Is Your Website Accessible to Disabled Customers?



It’s how we shop, socialize, work and entertain ourselves. One study found that most folks spend at least 24 hours a day online. And that number is higher for those of us who also work or go to school online.

Now imagine that while all our friends are finding new recipes, playing games, watching videos, or catching up on the day’s news, we’re blocked from doing these seemingly simple tasks because our favorite sites aren’t accessible for those with disabilities.

Photo courtesy Unsplash

Unless we or a loved one are disabled, we may not consider how important accessibility is to those with an impairment. Yet, 23% of disabled Americans never go online compared to 8% of abled Americans.

That’s 14 million Americans who are limited from accessing technology that we use on a daily basis!

Making our websites accessible to everyone is a legal and ethical issue. It’s also a substantial business issue since overlooking millions of customers simply because our sites can’t be navigated by disabled folks is a huge mistake.

Here are a few ideas to help us understand the scope of the issue and how we can improve access to all people.

Avoiding Potential Legal Issues

While counties differ in their legal protections for disabled folks, the United States has the Americans with Disabilities Act (ADA), the 1990 law that requires businesses to make accommodations for those with disabilities. However, in Domino’s asks the Supreme Court to shut down a lawsuit requiring its website be accessible to blind people, Nick Statt explains:

At the core of the case is Domino’s insistence that it should not have to make its website, the predominant platform for ordering pizza from its physical stores, accessible to people with visual impairments. Specifically, Domino’s is contesting Robles’ claim that Title III of the Americans with Disabilities Act (ADA) covers mobile apps or websites, which effectively did not exist in modern form when the ADA was passed in 1990.

Photo courtesy Unsplash

The lawyer for Robles shares that there is a lot of room for innovation in this area. Instead of fighting the disabled, Robles believes the disabled should be considered a legitimate consumer power and companies should be happy to “take our money”. As this case is still in litigation, we don’t know the outcome for U.S. consumers. However, the potential fallout from this lawsuit could be very costly for any online business. Instead of putting themselves at risk, sites should start the process of becoming accessible now.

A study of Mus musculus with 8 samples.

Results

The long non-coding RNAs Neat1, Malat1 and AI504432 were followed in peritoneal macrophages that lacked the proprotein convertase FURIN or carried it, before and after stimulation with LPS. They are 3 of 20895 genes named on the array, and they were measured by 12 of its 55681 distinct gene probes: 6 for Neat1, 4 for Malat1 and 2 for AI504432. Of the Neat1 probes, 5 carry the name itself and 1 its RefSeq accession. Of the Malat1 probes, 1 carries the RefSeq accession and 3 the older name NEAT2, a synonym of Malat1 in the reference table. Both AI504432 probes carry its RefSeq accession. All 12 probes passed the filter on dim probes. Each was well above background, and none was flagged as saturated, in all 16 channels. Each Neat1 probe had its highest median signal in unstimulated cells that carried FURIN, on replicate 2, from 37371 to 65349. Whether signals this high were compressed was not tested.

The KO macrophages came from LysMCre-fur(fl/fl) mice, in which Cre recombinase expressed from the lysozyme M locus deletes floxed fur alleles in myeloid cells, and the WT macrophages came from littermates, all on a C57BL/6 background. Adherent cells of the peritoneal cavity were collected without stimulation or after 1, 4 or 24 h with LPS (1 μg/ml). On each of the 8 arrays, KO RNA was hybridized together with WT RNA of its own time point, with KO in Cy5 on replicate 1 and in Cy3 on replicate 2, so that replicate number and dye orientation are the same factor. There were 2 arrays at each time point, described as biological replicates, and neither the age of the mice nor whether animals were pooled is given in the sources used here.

Build Goodwill or Damage Our Brands

Our brands are priceless. Our brands are the intangible threads that tie every aspect of our business together. We can consciously build our brand but hurt it simply because we seem insensitive to society’s most vulnerable people. And then we’re simply in damage control.

Photo courtesy Unsplash

Yet, brands are stepping up and creating new business opportunities. Here’s how a few companies are becoming allies:

  • M&S and Tommy Hilfiger both launched adaptive clothing for children and adults with disabilities
  • Starbucks opened a store in Washington State where all employees are fluent in American sign language
  • Procter& Gamble’s Herbal Essences created an inclusive bottle design for people with low to no vision
  • We want our brands to appeal to all people, whether they are disabled or not. We never want to be seen as dismissive or uncaring. Actress Samantha Renke, a disability campaigner, says “Brands need to sit down with disabled people and say right, tell me what you need and want.” With a little planning and dedication to equality, we can build our brand and serve our disabled customers.

    Accessibility 101

    For businesses that have never considered web accessibility before, the first step is the W3C Web Accessibility Initiative (WAI) that created the Web Content Accessibility Guidelines (WCAG). This guide explains what it takes to meet the minimum standard and the first step towards improving accessibility is a site audit, followed by a site upgrade.

    Photo courtesy Unsplash

    The key to full accessibility starts with the keyboard. Every element of a site must be accessed entirely by using the TAB and SHIFT + TAB keys alone. Additionally, visually impaired folks need special considerations to increase visibility. In Do it yourself – the full guide to checking the accessibility level of your site, accessiBe CEO Shir Ekerling explains a few of the important website elements that we should audit:

    The world of accessibility consists of many important elements such as contrasts, font sizes/colors/locations/types, image descriptions, screen reader adjustments, keyboard navigation, intervals between elements, animation treatment, etc.

    Whether we choose to outsource our upgrades or rely on DIY tools, our main goal is to create a welcoming place for everyone. Online businesses focus on SEO, abandoned shopping cart and sales upgrades. Now we just need to add web accessibility to our list of website essentials.

    Accessibility is the Right Thing for Everyone

    Although the thought of upgrading our sites to full accessibility can seem overwhelming, it really is a good business move for two reasons. It opens up potential markets and can increase profitability and socially conscious companies create new opportunities for both branding and marketing. And while these are great business reasons, we shouldn’t forget why it’s a good thing for everyone:

    It’s just the right thing to do.

    Liesha Petrovich
    Liesha's a writer by day and Kyokushin Black Belt by night. She's the author of Killing Rapunzel: Learning How to Save Yourself Through Determination, Grit, and Self-Employment (her mother hates the title - but it's a metaphor mom!). She talks freelancing adventures at Microbusiness Essentials.